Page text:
Northeastern and Hofstra lived up to their billing as CAA contenders in a delightful slugfest on Wednesday evening. Two nearly unstoppable offenses traded the lead back and forth until a late 11-0 run gave the Huskies a 91-83 victory, pulling Northeastern, Hofstra and William & Mary into a three-way tie atop the Colonial at 4-1.
The Huskies’ athletic department aggressively promoted Wednesday’s showdown to students, who filled the Matthews Arena floor for its best atmosphere of the season. The game deserved such a crowd, with lots of scoring, 15 lead changes, and a one-possession margin for 30 of the first 32 minutes.
“It was a terrific game to play. We just fed off the momentum of the fans, and off of each other,” said Northeastern point guard T.J. Williams.
The Huskies scored in a familiar way — by passing well and getting into the paint. Quick passes opened up driving lanes for Williams (16 points, six assists) and forward Zach Stahl (14 points), who scored with little resistance at the rim. With hand-checks and blocking fouls called tightly, Hofstra was unable to stop the hosts’ penetration. Meanwhile, star forward Scott Eatherton made smart cuts and was well-fed in the post, scoring 21 points on 8-11 shooting.
64% of Northeastern’s field goals have been assisted this season (among the top 20 nationally), and their ball movement led to the game’s turning point. With the Pride up by one point at the eight-minute mark, Williams caught a kick-out in the left corner and passed up a contested shot to feed Quincy Ford on the left wing. Ford looked at the rim with a few feet of space, then dished to a wide-open David Walker at the top of the key. Walker’s three-pointer hit nothing but net, sparking an 11-0 run that put the hosts ahead for good.
“Any of our guys could take that shot, but we talk about turning down good ones to get a great one. That was as good an example of that as you could get,” Northeastern coach Bill Coen said.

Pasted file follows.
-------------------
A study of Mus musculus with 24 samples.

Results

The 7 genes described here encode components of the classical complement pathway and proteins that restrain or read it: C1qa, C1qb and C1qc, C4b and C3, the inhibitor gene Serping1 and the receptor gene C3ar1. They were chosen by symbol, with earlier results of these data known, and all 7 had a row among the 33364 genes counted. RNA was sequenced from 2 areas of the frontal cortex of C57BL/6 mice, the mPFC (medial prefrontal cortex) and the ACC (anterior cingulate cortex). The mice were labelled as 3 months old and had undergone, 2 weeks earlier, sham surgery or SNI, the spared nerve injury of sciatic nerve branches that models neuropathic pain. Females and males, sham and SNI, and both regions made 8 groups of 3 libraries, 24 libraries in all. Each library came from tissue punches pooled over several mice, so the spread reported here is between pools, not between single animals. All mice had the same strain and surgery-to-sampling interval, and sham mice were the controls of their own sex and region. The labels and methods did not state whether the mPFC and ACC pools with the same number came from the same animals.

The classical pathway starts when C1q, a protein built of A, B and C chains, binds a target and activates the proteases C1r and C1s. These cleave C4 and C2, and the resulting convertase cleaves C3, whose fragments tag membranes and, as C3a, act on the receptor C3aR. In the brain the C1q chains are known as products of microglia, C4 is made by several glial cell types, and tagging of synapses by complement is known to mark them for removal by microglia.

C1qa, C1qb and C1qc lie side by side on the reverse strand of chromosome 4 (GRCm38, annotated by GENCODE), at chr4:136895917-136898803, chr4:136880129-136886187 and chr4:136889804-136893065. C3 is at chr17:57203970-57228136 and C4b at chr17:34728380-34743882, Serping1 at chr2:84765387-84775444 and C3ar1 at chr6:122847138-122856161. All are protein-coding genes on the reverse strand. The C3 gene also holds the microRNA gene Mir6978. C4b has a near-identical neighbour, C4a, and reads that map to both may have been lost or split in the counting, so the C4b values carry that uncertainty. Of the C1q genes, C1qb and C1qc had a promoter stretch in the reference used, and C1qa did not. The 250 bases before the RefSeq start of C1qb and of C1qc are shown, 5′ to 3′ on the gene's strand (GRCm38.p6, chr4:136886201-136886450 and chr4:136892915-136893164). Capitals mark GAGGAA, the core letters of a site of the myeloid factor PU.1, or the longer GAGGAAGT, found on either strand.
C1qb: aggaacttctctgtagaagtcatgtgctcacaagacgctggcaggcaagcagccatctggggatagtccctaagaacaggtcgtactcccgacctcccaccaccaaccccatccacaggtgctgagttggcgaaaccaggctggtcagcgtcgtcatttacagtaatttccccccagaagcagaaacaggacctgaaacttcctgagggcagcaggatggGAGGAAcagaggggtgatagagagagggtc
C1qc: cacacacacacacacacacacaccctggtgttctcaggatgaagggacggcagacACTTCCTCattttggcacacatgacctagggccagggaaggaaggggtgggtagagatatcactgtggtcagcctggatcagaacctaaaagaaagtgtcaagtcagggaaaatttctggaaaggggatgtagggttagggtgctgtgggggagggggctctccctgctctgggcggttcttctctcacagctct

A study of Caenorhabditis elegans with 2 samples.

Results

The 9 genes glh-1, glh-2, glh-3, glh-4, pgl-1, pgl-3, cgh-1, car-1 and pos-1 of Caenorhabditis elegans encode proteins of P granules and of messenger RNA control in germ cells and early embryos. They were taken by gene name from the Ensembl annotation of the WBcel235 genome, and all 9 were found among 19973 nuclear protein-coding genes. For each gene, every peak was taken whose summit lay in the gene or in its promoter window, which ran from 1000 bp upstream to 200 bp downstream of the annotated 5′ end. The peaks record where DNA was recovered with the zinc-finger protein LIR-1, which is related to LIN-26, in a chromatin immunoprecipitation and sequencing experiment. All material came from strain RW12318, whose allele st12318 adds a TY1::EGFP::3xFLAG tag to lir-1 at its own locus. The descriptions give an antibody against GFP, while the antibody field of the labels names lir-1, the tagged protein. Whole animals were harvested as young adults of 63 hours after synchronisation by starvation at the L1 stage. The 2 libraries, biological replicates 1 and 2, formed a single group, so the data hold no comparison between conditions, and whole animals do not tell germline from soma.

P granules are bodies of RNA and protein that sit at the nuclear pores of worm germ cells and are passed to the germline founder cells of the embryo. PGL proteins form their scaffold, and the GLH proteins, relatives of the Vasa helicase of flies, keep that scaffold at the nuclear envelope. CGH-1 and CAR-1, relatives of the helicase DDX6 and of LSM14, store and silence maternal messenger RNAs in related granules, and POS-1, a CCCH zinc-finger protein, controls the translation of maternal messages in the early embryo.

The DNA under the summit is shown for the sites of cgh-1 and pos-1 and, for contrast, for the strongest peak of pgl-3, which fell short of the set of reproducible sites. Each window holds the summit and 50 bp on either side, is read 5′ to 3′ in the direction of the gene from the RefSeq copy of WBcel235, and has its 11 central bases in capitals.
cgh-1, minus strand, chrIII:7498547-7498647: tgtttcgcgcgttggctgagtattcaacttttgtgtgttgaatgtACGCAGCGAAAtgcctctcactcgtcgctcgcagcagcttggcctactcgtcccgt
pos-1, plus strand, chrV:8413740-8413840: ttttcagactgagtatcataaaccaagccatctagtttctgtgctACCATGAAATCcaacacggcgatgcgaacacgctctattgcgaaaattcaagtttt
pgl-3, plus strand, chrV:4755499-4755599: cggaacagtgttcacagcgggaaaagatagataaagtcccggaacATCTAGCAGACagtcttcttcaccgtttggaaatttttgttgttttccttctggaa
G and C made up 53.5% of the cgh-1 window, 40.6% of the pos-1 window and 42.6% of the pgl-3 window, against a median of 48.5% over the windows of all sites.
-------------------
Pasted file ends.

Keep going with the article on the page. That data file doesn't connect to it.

The Huskies played against type in another dimension: One of the nation’s most patient offenses looked very comfortable in a 75-possession game. They surrendered a few transition points to the Pride, but the hosts avoided back-breaking runs and even pushed for their own buckets on the secondary break. For Northeastern, that marked a welcome change from other up-tempo games, including a blowout loss at UMass and last week’s defeat to UNC Wilmington.
“I know the guys like [the fast pace], right?” Coen said, turning to Williams with a laugh. “We wanted to be aggressive yet patient, because we don’t want to lose track of Scott. Sometimes in a track meet, the big guys get lost … We wanted to run when it presented itself, but not get caught in a hectic, up-and-down game, because that’s their game.”
Northeastern’s offense finished with 1.21 points per possession, but Hofstra matched it early on with its usual strength: outside shooting. The Pride went 6-10 from beyond the arc in the first half, making shots both open (two from Juan’ya Green off ballscreens) and contested (a 25-footer from Brian Bernardi). Green drove from the left wing and constantly found cutters for easy baskets in the paint, finishing with 21 points and 11 assists.
But the visitors went cold down the stretch, missing 10 of their final 11 three-pointers, including a few open looks from the corner that could have turned the tide. As the Huskies’ lead grew, Hofstra fell out of sync on offense, forcing bad shots and committing turnovers. Northeastern’s frontcourt — already down Reggie Spencer with a lower-body injury — battled foul trouble to Ford, Stahl and Eatherton, but the Pride (in foul trouble of its own) could not take advantage. “We had some good looks,” Hofstra coch Joe Mihalich said. “They made them, and we didn’t. Sometimes it’s that simple.”
Hofstra missed its chance to go two games up on Northeastern, the preseason CAA favorite. William & Mary joined the two squads at 4-1 with a win over UNC Wilmington (which fell to 3-2). The Pride may be in a slightly favorable position, having only played one home game so far, but the three leaders still have 13 more games to separate themselves.
“I guess it’s good that we’re upset,” Mihalich said. “Most people would look at 4-1, when four of them were on the road, and say, ‘Wow, we got through that, and we’ve only got one loss’. A lot of people would take that. I guess it’s good we’re frustrated.”